BackgroundILO’s work on employment derives its current mandate from the Global Employment Agenda (2003) and the ILO Declaration on Social Justice for a Fair Globalization (2008). Public Employment Services (PES) have been recognized in the mandate of the ILO since its creation. ILO Convention on Unemployment, 1919 (No.2) recognized the role of employment services and promoted the establishment of national employment services in all member States. The role of the Public Employment Services was fully elaborated in the international level with the adoption of Employment Service Convention, 1948 (No. 88).
The increasing need to provide services to a rapidly expanding and flexible labour market has led to further development of private employment agencies. The 2009 Global Jobs Pact emphasizes the important role employment services play in contributing to a sustained job recovery. Both jobseekers and employers are customers of employment services, both public and private; and most national employment services are guided by an advisory body which reinforces the principles of social dialogue between government, employers and workers.
Employment services match job seekers with job opportunities and are thus central to a well-functioning labour market. They are provided both by government through the ministries of labour and/or by private employment agencies. Close collaboration between public and private employment services is important because it results in the most positive outcomes for the labour market as was demonstrated during the global financial and economic crisis that began in 2008. At the same time, in a number of developing countries due to resource constraints, public employment services not all their services may be fully function and thus, such services may be complemented by services provided by private employment agencies.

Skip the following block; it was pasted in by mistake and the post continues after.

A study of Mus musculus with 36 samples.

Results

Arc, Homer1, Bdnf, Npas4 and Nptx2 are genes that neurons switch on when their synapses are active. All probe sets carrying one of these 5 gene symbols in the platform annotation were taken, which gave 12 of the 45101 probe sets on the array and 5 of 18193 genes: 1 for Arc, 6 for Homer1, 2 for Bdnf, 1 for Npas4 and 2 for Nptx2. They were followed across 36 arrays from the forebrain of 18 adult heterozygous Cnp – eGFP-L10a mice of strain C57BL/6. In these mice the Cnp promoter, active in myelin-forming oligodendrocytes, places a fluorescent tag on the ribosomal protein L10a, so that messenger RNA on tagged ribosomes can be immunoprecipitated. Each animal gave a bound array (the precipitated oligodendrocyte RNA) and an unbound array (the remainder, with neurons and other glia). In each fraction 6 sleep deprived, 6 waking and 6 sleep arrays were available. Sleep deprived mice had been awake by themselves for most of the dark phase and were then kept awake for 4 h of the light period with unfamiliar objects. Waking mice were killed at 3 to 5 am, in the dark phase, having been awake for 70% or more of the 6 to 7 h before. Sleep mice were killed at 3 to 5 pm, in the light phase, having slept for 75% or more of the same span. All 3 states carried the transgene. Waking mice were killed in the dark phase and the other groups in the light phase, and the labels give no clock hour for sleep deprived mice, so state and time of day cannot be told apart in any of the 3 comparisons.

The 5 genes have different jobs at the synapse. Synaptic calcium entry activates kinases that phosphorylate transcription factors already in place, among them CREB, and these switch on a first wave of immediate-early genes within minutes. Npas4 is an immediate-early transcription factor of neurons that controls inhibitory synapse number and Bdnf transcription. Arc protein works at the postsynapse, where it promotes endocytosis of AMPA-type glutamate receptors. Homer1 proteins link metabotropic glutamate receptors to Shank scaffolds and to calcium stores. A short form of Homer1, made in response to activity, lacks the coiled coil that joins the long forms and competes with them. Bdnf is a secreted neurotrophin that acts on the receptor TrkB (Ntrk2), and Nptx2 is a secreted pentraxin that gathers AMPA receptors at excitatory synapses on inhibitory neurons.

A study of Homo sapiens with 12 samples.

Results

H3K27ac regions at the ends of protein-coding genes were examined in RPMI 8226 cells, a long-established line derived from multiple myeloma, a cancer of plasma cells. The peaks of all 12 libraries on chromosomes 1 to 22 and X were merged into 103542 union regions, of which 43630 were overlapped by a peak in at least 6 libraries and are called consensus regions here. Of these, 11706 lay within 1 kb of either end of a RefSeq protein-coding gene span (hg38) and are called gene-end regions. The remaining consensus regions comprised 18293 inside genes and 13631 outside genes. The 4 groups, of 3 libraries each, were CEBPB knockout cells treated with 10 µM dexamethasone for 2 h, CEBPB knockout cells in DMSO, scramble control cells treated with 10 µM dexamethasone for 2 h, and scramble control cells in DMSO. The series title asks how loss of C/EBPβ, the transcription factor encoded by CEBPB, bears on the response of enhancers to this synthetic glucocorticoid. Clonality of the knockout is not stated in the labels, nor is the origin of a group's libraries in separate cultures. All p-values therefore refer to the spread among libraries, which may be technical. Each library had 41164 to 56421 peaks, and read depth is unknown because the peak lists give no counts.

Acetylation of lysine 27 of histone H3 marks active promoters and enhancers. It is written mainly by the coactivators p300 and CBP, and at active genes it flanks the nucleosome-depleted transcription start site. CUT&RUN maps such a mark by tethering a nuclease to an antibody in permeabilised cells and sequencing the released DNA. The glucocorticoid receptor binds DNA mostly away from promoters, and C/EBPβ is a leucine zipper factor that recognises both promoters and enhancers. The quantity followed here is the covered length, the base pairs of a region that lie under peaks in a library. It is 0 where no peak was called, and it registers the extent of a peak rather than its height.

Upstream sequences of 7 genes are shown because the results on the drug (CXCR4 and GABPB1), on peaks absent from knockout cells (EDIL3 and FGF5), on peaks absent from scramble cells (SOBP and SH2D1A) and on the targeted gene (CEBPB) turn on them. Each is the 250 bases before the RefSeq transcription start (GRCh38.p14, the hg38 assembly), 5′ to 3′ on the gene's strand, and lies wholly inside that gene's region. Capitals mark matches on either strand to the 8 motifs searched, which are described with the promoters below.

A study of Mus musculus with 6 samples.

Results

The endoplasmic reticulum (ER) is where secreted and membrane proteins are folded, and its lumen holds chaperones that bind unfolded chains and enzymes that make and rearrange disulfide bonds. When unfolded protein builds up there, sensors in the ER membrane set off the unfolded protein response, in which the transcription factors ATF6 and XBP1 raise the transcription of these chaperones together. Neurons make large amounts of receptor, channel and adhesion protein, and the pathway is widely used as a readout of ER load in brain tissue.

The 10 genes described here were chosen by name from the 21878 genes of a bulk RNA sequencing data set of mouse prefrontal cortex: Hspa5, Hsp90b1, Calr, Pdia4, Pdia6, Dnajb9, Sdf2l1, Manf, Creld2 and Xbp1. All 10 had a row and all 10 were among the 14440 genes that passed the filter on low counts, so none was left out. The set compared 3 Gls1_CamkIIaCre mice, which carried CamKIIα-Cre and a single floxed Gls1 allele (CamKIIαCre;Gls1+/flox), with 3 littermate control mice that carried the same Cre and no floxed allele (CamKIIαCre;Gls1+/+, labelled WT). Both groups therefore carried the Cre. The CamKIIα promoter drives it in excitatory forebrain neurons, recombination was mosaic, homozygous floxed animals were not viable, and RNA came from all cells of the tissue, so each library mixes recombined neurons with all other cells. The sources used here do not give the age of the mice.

Public Employment Services (PES) plan and execute labour market policies. Their major role is to cushion labour market transitions for workers and enterprises by:
- Providing good information about the labour market;
- Assisting the job search and providing placement services;
- Administering unemployment insurance benefits;
- Administering a variety of labour market programmes.
In Asia, many developing and developed countries have found public employment services critical in the functioning of labour markets as demonstrated during the global economic crisis. They were responsible for implementing the government’s labour market programmes designed in response to the crisis. China, Cambodia, Indonesia, Pakistan, the Philippines, New Zealand and Singapore were some of these countries. The programmes focused on areas like strengthening employment services offices to ensure that they are able to cope with the demand for serving the clientele most specially affected by the crisis.
Further, in Asia, employment services play an important role in assisting target and vulnerable groups like unemployed youths, women, migrant workers, people in rural communities and people with disabilities find appropriate employment.